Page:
Easter Island

Easter Island is one of the most remote inhabited islands of the world. The closest country is Chile which is a five-hour-flight away. On the island there’s only one inhabited town named Hanga Roa. Inhabitants of the Easter Island know Spanish but they speak the indigenous language Rapa Nui when they talk to each other.

There are still a lot of mysteries about the history of the island and the famous Moai. Why and how did the indigenous people form these giant statues of stone? How did they carry them? Experts have different theses about when and why they were created. The legend says that they represent worshipped ancestors that passed away. They are always situated near the coast facing the island and they should symbolise a connection between this world and the other side.

Entrance of the airport: a wooden arch cowered with straw

When my sister and her boyfriend came to visit me in Chile in December we decided to spend Christmas on Easter Island. I was so excited to travel there because of its uniqueness.

The flights are quite costly and to be allowed to enter the national park of the island you have to pay a fee of 70€. Everything else like rental car, supermarkets, accommodation, etc. is also way more expensive than on the mainland.

Coast close to Ahu Tahai

Our Airbnb host was supposed to pick us up at the airport but apparently he forgot about us. After everyone else had already left the airport a nice woman approached us and offered us a ride. She asked where we needed to go and to our surprise she knew where to drive when we told her the name of our host. The woman explained us that in Hanga Roa almost everyone knows each other. She was Chilean but fell in love with a Rapa Nui and moved to the island. Rapa Nui is the name of the indigenous people on Easter Island, it’s the name of their language and also the name of the island in their language. The woman told us that she loves the easy-going island life where stress isn’t part of the vocabulary and everyone trusts each other. Apparently no-one locks their door or car on the island because there’s no crime. When we arrived to the apartment she refused to take money for the ride and simply wished us a nice holiday. She said it was important for her to give tourists a good first impression of the island and that we should call her if we needed anything else. Once at the apartment our host apologised and offered us a rental car at a special rate as compensation.

Crater of the volcano Rano Kau

The island is extremely beautiful and green. When we were there it rained almost everyday for one or two hours, mostly in the mornings. So we never actually knew what weather to expect because within half an hour it could change from sunshine to wind and rain. Generally the weather was nice but very humid.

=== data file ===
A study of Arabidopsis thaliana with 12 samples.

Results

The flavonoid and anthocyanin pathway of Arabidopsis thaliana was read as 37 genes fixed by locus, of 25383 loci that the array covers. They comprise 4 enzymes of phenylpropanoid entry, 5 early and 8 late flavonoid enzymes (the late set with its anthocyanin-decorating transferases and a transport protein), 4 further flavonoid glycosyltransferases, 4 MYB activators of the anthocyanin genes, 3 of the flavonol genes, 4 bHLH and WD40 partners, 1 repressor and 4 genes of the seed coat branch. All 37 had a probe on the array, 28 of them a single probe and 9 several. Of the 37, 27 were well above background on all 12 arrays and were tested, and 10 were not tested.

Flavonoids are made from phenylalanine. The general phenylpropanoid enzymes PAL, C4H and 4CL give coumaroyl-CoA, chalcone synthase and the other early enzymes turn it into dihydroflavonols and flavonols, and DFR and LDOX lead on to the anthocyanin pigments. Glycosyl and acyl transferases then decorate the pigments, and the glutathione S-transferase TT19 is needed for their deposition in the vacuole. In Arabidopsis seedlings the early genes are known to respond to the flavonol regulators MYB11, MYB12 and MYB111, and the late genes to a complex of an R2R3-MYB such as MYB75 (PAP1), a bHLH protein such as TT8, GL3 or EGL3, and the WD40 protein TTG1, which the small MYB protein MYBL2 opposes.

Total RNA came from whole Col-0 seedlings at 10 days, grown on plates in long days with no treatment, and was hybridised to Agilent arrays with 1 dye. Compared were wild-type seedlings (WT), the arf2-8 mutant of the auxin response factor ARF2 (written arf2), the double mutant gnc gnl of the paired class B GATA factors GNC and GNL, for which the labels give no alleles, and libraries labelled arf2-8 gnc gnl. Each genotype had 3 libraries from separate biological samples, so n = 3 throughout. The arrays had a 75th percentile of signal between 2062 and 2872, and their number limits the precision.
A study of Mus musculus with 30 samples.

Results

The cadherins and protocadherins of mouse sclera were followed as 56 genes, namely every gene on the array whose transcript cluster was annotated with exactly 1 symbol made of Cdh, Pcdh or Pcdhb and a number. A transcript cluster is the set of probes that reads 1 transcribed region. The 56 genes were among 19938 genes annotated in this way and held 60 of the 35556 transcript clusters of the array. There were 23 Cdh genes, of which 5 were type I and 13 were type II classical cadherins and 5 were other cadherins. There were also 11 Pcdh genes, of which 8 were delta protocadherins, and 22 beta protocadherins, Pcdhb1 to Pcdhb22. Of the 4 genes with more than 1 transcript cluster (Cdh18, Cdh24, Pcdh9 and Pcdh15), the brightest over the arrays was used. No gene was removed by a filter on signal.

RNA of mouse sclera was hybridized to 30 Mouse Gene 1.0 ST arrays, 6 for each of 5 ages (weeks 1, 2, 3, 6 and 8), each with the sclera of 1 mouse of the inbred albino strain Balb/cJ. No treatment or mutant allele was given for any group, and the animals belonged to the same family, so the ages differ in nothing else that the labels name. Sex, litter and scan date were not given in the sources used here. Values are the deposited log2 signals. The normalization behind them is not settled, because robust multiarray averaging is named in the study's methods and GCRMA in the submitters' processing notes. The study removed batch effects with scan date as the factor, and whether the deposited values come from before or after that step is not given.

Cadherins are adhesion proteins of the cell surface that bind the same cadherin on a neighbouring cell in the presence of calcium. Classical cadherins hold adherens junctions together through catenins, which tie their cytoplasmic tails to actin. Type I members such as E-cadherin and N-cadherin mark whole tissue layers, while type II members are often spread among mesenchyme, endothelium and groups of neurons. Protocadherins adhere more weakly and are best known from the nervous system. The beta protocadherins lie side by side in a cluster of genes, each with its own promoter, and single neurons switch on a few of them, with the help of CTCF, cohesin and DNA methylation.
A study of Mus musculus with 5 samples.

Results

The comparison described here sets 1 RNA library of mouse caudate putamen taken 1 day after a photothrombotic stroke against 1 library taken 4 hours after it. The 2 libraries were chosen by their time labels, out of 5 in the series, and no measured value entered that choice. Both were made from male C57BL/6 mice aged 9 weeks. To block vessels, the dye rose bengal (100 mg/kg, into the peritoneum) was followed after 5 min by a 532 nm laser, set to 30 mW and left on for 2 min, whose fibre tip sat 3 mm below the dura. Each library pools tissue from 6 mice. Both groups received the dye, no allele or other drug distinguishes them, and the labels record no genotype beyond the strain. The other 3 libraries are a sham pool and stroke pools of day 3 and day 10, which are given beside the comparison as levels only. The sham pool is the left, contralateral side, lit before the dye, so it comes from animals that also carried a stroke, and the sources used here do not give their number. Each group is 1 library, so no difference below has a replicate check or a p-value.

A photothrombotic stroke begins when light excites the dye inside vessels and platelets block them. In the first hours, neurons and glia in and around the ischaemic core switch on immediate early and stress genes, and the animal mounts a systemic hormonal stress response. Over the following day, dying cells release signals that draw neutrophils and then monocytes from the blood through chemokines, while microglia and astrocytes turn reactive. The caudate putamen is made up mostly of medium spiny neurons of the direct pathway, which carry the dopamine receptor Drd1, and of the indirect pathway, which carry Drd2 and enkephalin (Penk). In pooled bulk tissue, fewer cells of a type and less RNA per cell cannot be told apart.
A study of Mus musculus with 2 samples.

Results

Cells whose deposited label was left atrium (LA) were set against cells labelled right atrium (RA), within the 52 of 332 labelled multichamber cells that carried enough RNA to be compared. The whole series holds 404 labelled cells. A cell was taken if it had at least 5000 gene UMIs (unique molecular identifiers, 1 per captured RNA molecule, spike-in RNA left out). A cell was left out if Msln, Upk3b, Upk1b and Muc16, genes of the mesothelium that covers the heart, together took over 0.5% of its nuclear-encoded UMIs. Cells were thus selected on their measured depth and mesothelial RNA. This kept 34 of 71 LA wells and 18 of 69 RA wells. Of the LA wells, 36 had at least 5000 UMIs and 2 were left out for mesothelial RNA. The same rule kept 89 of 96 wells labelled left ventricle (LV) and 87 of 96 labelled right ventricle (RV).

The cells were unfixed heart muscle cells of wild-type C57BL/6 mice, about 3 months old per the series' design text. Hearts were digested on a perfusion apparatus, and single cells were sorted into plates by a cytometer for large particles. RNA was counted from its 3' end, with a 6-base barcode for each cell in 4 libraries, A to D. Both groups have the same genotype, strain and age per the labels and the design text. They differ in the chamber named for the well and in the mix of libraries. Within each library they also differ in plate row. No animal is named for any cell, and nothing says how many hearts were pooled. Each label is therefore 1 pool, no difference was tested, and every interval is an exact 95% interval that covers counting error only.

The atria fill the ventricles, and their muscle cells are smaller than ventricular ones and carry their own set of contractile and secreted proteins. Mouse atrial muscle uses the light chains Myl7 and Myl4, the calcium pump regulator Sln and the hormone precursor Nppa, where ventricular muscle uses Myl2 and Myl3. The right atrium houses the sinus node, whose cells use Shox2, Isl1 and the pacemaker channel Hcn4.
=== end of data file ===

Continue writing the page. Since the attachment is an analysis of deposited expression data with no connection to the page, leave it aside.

Anakena Beach
Anakena Beach
Anakena Beach

We had a car for three days and went to all the beautiful places we knew about. There’s a sandy beach called “Anakena”. Since we were there in December, which is summer in South America, we could enjoy the beach and go swimming. Some of the most impressive sights were Ahu Tongariki, where 15 Moai statues are next to each other, and Rano Raraku, where unfinished stone heads are spread over a hill.

Rano Raraku
Rano Raraku: where the Moai were carved out of stone
Partly unfinished stone heads on the volcano Rano Raraku

On Christmas we decided to visit the mass in the only church on the island. It was completely different to any mass we had ever seen before. The priest was wearing a big feather crown and he was talking in Rapa Nui. Most girls and some women were wearing colourful dresses and flower crowns. The visitors of the mass sang songs in their language and all the people participated actively. The church was decorated with fresh fruits and vegetables.

We wanted to watch the sunrise at Ahu Tongariki but unfortunately it was too cloudy. At least there was a cute dog. Easter Island is like Chile full of stray dogs.

The trip to Easter Island was completely unique. No place on earth has a similar cultural heritage. Learning about the mysterious Moai and the indigenous people was extremely interesting. The typical island-vibe and the relaxed lifestyle are amazing and I loved the colourful bars and restaurants. To my surprise the touristic sites were not crowded at all. Four to five days on the island are enough though, as it’s pretty small and except for visiting the famous sights there’s not so much to do.

Some of the many wild horses on the island


  1. If you’re on a budget, buy food in Chile and take it to the island. On the island everything is 2-3 times more expensive.
  2. Buy souvenirs in jail. There’s a small jail on the island. The prisoners’ task is to manufacture souvenirs like small Moai which are sold to tourists in a small shop. They are handmade and cheaper than in the souvenir shops.
  3. In the post office you can get an Easter Island stamp for your passport.
  4. Rent a car. There’s a few busses that take tourists around but the schedule is very limited.
  5. Go to a mass. I’m not sure if it’s always like it was on Christmas, but if so, it’s definitely worth a visit.
  6. Watch the sunset at Ahu Tahai.
  7. Watch the sunrise at Ahu Tongariki.
  8. Download an offline map and do your research before getting there. Internet doesn’t work properly. Wifi in hotels and restaurant doesn’t work well either and there’s only one official wifi hotspot.